The Complainant in Vestergaard Frandsen S/A v Bestnet Europe Ltd [2011] EWCA Civ 424 is a manufacturer of insecticidal fabrics. It claimed that Bestnet Europe Ltd’s product, a long lasting anti-mosquito bed net called NetProtect, was developed using Vestergaard’s confidential information contained in a database called Fence, which contained the ingredients and proportions of ingredients used to make long lasting insecticidal nets. Vestergaard claimed that use of its confidential information occurred when the individual Defendants, Mr Larsen and Mrs Sig, left Vestergaard in 2004 and set up Bestnet.

The first instance court found that before leaving the company, Mr Larsen and Mrs Sig had embarked on a project to compete with Vestergaard. Mr Justice Arnold granted an injunction in respect of the first version of NetProtect, but decided that subjecting later versions to an injunction would be disproportionate because they were the result of a lot to independent work done after connections with Vestergaard had been severed.

Bestnet and Mrs Sig appealed and Vestergaard cross-appealed Arnold J’s decision not to grant an injunction in respect of later versions of the net.


With respect to Bestnet’s appeal, Jacob LJ found that none of the NetProtect chemical combinations were exactly the same as a particular chemical combination found in Fence. However, some of them were close. Jacob LJ noted that the use by an alleged copyist of odd or unusual detail found in the original is often a tell-tale sign of copying. Bestnet tried to argue that the “coincidence” was merely of one man doing the same thing twice. Jacob LJ concluded that there was “ample material” to justify Arnold J’s finding that the Fence database had been used as the basis for the NetProtect product and it was not a matter of the developer, (Mr Skovmand, who also worked for Vestergaard until 2004), using his general skill and knowledge or information in the public domain.

As for the liability of Mrs Sig, her employment contract stated that she owed a duty not to use any confidential information and that the duty continued after termination of her contract. Arnold J had found that Mrs Sig had breached her contract even though it had not been suggested or shown that she had had access to the Fence database or knew that it had been used to develop NetProtect. She had, however, been “closely involved” in setting up Bestnet and in the commercial side of the development of NetProtect. In Arnold J’s judgement, this was sufficient to render her liable for breach of her own obligation of confidence. Arnold J said, “A person can be liable for breach of confidence even if he is not conscious of the fact that what he is doing amounts to misuse of confidential information.”(see Seager v Copydex Ltd [1967] 1 WLR 923).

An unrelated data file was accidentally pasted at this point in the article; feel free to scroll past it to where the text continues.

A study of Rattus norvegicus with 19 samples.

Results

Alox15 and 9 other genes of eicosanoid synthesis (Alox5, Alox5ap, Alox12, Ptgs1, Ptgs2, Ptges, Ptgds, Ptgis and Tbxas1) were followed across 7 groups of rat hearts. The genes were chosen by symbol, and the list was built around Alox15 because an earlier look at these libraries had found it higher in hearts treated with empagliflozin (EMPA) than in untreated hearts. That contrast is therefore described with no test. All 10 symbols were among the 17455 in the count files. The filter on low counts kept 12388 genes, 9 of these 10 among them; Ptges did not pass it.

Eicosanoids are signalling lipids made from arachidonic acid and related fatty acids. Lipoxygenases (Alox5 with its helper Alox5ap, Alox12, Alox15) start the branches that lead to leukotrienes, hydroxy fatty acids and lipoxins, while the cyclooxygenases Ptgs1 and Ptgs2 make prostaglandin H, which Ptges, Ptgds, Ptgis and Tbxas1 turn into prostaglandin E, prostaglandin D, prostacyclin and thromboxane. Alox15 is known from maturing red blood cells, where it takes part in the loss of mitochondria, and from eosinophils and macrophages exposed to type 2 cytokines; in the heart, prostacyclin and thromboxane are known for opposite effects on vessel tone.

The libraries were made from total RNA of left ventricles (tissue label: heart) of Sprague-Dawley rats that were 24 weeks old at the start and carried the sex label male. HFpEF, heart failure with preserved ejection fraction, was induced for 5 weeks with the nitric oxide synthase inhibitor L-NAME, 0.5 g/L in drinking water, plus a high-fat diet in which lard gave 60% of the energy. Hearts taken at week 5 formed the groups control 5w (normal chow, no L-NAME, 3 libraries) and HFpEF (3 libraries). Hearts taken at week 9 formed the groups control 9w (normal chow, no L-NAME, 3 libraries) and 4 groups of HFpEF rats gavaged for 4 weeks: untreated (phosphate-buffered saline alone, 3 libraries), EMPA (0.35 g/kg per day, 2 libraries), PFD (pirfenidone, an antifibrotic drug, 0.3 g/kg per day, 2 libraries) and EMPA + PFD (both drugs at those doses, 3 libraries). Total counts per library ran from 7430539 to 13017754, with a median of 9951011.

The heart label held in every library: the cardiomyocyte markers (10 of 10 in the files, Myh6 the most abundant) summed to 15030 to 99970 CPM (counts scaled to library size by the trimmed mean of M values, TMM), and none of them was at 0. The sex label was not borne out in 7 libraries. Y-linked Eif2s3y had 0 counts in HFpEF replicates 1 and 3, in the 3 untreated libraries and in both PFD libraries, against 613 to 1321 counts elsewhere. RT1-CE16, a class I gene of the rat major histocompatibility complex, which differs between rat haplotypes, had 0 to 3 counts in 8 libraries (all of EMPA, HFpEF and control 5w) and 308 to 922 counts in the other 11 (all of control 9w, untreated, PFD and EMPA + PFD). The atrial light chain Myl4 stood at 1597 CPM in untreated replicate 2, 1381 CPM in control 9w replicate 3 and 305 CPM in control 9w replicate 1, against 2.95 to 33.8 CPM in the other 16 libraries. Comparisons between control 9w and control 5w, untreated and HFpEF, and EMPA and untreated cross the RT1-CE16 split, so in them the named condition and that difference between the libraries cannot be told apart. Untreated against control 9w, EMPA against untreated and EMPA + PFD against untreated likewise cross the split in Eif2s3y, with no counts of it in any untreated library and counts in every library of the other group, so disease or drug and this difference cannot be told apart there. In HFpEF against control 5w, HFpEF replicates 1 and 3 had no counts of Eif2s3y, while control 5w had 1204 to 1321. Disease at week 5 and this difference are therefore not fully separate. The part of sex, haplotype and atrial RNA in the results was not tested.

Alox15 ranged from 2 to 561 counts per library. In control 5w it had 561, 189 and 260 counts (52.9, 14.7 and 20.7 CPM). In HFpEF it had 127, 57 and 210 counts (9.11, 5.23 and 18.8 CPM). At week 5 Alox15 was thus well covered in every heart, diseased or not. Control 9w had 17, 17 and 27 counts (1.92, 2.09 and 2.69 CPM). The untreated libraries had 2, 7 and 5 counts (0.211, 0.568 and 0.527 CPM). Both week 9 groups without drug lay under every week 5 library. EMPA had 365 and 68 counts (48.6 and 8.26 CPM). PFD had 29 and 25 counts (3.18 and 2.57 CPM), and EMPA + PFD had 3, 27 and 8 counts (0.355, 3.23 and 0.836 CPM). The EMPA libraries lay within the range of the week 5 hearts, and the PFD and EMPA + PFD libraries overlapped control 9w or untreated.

Mrs Sig argued that Arnold J had erred. First, she could not be said to have misused the confidential information herself because she did not know it and did not know that it was being used. Second, the express term of her contract did not forbid unknowing use of the information and no term forbidding such use should be implied. Vestergaard argued that once the law imposed an obligation of confidence, whether in equity or as a matter of contract, the obligation was broken where the employee used the information, even if unknowingly.  

Jacob LJ found that Vestergaard’s argument was “far reaching” and that an obligation of strict liability was very serious. The issue of use was the key question. Jacob LJ said that Seager v Copydex did not support Vestergaard in its quest to impose strict liability on Mrs Sig as in that case the Defendants had actually used the information imparted to them, albeit unconsciously, whereas, in Jacob LJ’s view, Mrs Sig had not used the information in question. Further, there could be no implied term imposing strict liability and there was no business reason to imply a term of that harsh extent. Accordingly, Jacob LJ found that Mrs Sig had not breached confidentiality.  

As for the cross-appeal, Jacob LJ did not agree with Vestergaard’s argument that the later versions were so close to the original NetProtect product as to embody substantially all the information taken from the Fence database. Jacob LJ found, instead, that Dr Skovmand had made changes to the product after doing a lot of his own work.  

Jacob LJ found that Arnold J had been correct to address proportionality in considering whether to grant an injunction, as the IP Enforcement Directive (2004/48/EC) required it in respect of intellectual property rights and a claim for misuse of technical trade secrets was a claim to enforce an intellectual property right.